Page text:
Impact of HIV Infection and Anti-Retroviral Therapy on the Immune Profile of and Microbial Translocation in HIV-Infected Children in Vietnam
AbstractCD4+ T-lymphocyte destruction, microbial translocation, and systemic immune activation are the main mechanisms of the pathogenesis of human immunodeficiency virus type 1 (HIV) infection. To investigate the impact of HIV infection and antiretroviral therapy (ART) on the immune profile of and microbial translocation in HIV-infected children, 60 HIV vertically infected children (31 without ART: HIV(+) and 29 with ART: ART(+)) and 20 HIV-uninfected children (HIV(−)) aged 2–12 years were recruited in Vietnam, and their blood samples were immunologically and bacteriologically analyzed. Among the HIV(+) children, the total CD4+-cell and their subset (type 1 helper T-cell (Th1)/Th2/Th17) counts were inversely correlated with age (all p < 0.05), whereas regulatory T-cell (Treg) counts and CD4/CD8 ratios had become lower, and the CD38+HLA (human leukocyte antigen)-DR+CD8+- (activated CD8+) cell percentage and plasma soluble CD14 (sCD14, a monocyte activation marker) levels had become higher than those of HIV(−) children by the age of 2 years; the CD4/CD8 ratio was inversely correlated with the plasma HIV RNA load and CD8+-cell activation status. Among the ART(+) children, the total CD4+-cell and Th2/Th17/Treg-subset counts and the CD4/CD8 ratio gradually increased, with estimated ART periods of normalization being 4.8–8.3 years, whereas Th1 counts and the CD8+-cell activation status normalized within 1 year of ART initiation. sCD14 levels remained high even after ART initiation. The detection frequency of bacterial 16S/23S ribosomal DNA/RNA in blood did not differ between HIV-infected and -uninfected children. Thus, in children, HIV infection caused a rapid decrease in Treg counts and the early activation of CD8+ cells and monocytes, and ART induced rapid Th1 recovery and early CD8+-cell activation normalization but had little effect on monocyte activation. The CD4/CD8 ratio could therefore be an additional marker for ART monitoring. View Full-Text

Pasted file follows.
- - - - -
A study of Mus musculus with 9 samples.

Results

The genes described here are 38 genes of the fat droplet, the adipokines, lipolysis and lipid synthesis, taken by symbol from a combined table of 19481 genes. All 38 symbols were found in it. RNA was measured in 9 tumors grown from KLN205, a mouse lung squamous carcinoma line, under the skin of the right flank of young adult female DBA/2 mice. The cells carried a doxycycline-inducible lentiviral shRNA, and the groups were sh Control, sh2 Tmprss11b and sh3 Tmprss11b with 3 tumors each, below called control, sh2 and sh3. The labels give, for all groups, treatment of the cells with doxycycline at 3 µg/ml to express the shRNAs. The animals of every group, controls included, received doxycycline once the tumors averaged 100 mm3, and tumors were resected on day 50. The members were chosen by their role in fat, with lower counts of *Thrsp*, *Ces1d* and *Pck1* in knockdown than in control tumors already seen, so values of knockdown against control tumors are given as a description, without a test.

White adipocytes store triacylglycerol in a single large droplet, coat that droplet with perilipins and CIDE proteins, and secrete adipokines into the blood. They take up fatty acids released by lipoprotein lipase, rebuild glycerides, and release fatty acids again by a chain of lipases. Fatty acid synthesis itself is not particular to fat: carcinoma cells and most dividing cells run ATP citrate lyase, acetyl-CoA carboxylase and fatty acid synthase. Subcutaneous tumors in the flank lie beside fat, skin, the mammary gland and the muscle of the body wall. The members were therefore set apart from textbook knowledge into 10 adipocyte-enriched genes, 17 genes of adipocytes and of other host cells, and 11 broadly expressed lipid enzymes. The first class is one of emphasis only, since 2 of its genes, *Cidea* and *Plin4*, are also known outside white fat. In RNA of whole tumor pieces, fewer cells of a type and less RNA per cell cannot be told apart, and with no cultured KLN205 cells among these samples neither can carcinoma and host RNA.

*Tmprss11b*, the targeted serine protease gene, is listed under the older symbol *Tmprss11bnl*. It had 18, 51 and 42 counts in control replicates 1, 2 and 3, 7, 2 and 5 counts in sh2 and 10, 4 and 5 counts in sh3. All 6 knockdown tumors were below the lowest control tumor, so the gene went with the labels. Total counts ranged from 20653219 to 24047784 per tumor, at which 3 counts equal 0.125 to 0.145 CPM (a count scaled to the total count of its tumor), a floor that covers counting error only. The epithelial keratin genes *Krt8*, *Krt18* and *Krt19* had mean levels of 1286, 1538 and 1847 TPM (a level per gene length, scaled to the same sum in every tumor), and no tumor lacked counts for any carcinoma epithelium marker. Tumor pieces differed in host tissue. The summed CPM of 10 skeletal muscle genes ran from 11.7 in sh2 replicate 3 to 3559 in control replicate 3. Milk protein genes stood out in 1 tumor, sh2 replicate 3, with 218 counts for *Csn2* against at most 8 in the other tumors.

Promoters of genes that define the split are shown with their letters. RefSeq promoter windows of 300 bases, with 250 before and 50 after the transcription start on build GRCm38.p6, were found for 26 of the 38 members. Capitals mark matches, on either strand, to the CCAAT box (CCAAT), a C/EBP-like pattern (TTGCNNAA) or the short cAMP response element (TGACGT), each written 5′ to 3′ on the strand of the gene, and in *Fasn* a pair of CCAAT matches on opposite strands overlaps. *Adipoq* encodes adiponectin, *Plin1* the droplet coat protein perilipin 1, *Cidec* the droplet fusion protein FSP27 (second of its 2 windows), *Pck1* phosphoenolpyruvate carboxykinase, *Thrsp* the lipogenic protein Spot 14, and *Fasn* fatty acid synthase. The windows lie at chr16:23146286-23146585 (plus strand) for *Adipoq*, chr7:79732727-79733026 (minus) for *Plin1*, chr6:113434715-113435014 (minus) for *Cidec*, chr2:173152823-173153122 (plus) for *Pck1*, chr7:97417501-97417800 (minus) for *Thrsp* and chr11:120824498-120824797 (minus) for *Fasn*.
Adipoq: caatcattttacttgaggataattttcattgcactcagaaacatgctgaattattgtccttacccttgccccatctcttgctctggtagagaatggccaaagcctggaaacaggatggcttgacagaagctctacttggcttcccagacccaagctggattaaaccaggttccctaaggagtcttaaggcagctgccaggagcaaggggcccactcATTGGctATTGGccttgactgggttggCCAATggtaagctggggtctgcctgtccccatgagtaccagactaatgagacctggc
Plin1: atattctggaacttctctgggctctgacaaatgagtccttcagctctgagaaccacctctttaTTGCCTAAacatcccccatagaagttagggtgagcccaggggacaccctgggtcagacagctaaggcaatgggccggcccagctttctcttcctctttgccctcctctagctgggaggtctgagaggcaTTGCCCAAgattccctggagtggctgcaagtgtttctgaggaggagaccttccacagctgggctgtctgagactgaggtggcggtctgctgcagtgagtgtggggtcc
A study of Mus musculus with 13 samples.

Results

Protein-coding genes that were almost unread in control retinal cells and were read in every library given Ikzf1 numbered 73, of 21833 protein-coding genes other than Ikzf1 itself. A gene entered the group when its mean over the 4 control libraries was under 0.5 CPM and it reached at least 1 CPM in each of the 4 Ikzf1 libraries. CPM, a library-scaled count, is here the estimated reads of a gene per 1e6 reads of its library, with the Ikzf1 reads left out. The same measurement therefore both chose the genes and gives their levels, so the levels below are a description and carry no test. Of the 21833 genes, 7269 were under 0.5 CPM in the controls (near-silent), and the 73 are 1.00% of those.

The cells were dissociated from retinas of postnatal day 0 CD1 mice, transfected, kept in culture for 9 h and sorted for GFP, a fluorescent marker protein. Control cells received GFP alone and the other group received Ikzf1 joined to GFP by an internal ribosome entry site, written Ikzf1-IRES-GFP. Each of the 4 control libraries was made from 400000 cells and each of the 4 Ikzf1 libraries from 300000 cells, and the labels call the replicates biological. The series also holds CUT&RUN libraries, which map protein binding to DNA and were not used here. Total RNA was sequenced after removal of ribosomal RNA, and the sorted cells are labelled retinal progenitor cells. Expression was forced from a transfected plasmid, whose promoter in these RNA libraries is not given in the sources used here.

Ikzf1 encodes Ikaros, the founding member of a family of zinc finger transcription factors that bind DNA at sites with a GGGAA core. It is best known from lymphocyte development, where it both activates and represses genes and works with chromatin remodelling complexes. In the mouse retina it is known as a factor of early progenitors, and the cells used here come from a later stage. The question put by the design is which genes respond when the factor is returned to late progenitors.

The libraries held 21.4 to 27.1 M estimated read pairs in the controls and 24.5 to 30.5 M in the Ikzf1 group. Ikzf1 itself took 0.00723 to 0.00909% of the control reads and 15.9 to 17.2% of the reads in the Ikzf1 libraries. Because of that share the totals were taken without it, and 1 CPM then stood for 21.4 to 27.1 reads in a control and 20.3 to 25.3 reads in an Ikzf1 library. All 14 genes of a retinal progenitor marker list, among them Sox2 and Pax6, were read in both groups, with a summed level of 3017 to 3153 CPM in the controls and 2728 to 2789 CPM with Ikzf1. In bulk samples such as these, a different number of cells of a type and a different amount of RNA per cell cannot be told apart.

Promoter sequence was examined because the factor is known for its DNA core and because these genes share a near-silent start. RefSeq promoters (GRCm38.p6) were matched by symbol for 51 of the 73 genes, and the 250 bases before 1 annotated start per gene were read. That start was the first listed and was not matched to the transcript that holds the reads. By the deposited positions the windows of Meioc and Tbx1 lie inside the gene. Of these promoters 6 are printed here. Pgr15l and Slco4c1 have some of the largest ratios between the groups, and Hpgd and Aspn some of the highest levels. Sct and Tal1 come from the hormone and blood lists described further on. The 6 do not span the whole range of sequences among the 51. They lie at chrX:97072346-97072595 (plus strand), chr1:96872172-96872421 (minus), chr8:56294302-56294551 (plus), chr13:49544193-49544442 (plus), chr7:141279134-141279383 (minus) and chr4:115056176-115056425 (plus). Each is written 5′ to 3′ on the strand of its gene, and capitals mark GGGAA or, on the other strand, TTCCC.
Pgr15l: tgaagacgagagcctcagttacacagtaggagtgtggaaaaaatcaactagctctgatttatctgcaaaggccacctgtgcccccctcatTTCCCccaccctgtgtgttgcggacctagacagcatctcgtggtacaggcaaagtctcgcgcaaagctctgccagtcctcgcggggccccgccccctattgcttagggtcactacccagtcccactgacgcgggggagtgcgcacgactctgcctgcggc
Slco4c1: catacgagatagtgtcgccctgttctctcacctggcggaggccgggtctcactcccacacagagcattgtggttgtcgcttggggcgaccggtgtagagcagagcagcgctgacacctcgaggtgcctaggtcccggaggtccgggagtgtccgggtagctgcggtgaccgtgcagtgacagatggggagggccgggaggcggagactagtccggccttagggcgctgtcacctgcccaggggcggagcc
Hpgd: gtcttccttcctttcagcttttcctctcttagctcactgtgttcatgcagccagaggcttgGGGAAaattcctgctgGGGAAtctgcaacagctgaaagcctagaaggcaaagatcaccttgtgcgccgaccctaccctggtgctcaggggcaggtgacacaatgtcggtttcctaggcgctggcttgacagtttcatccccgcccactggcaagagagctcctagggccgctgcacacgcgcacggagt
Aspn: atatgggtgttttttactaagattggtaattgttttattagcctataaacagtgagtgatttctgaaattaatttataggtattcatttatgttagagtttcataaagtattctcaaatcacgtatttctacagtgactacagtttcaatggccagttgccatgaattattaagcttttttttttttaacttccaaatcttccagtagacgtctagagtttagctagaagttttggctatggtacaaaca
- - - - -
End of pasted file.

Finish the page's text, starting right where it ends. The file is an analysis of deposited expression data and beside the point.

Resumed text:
Bi X, Ishizaki A, Nguyen LV, Matsuda K, Pham HV, Phan CTT, Ogata K, Giang TTT, Phung TTB, Nguyen TT, Tokoro M, Pham AN, Khu DTK, Ichimura H. Impact of HIV Infection and Anti-Retroviral Therapy on the Immune Profile of and Microbial Translocation in HIV-Infected Children in Vietnam. International Journal of Molecular Sciences. 2016; 17(8):1245.Chicago/Turabian Style
Bi, Xiuqiong; Ishizaki, Azumi; Nguyen, Lam V.; Matsuda, Kazunori; Pham, Hung V.; Phan, Chung T.T.; Ogata, Kiyohito; Giang, Thuy T.T.; Phung, Thuy T.B.; Nguyen, Tuyen T.; Tokoro, Masaharu; Pham, An N.; Khu, Dung T.K.; Ichimura, Hiroshi. 2016. "Impact of HIV Infection and Anti-Retroviral Therapy on the Immune Profile of and Microbial Translocation in HIV-Infected Children in Vietnam." Int. J. Mol. Sci. 17, no. 8: 1245.